How supporting workers brings business and investment benefits – Asset Management

The world had barely begun to recover from the devastating human and economic effects of Covid-19 before the conflict in Ukraine triggered soaring prices for raw materials, fuel and food.

As a result, more than 70 million people worldwide could be pushed back into poverty, the UN has estimated. Inflation in major economies is at its highest level in three decades, putting disproportionate pressure on the poorest in society. This is reflected in the markets, with investors acknowledging that governments have little fiscal room to manoeuvre.

In this context, the pressure on companies to support vulnerable or lower-paid workers has intensified. At the same time, their financial leeway to do so has been reduced.

However, companies are increasingly recognizing the importance of supporting their greatest assets – the employees – during these difficult times. Many have chosen to take a long-term view of their business by investing in their people.

To better understand the challenges facing businesses and the choices they face, we recently engaged with leading organizations in the field, with some of these conversations preserved through podcasts.s.

Thanks to these commitments and the weight of academic research, it is clear that investing in workers’ wages can bring significant business benefits. Lower employee turnover and more productive workers make businesses more profitable and more sustainable. Businesses need to be sensitive to the competitive pressures of their industries, and blanket demands or approaches can be counterproductive if they lead to workforce reductions or increased product costs, for example. But we see long-term benefits as an important goal that all businesses should strive for.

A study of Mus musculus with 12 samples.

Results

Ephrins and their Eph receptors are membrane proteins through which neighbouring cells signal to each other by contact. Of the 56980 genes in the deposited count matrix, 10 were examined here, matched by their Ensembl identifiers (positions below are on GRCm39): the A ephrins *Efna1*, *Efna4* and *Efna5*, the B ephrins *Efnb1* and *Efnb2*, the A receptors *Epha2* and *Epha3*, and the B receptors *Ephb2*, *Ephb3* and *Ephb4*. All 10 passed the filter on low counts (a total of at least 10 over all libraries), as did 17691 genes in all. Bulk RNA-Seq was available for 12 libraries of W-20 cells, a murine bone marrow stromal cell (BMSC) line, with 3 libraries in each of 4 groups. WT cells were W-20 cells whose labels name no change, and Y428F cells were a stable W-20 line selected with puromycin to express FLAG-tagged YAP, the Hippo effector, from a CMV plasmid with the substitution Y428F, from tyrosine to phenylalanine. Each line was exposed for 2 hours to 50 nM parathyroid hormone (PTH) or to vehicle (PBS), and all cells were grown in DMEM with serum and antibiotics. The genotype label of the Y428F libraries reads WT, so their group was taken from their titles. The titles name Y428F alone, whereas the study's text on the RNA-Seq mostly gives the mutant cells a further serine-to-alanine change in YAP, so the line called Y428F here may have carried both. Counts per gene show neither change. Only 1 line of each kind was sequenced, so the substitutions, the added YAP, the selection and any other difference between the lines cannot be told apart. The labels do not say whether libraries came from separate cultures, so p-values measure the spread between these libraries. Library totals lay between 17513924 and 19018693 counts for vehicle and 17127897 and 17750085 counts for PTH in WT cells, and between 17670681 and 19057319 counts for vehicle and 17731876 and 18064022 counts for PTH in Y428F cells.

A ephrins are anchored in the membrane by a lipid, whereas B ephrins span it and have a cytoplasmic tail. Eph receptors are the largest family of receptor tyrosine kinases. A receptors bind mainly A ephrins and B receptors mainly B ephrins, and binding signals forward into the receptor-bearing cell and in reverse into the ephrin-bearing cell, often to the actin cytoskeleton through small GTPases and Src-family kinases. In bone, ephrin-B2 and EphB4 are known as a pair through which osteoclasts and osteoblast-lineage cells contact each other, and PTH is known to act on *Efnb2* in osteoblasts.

The investment benefits of paying a living wage are also clear. The chart below plots the returns of UK-listed companies, separated into those that have paid higher wages than the average of their industry peers over the past five years and those that have paid less. Higher-paying companies have outperformed their lower-paying competitors by more than 3% per year over the past five years.

More and more companies seem to agree. In the UK, our analysis shows that more companies have become Living Wage Accredited Employers in the last year than in the previous five years combined.

For many years, we have worked with our portfolio companies to encourage fair wages. Our Engagement Blueprint, released earlier this year, laid out this expectation in detail. We will continue to use our voice and influence to encourage companies to continue investing in their most important assets.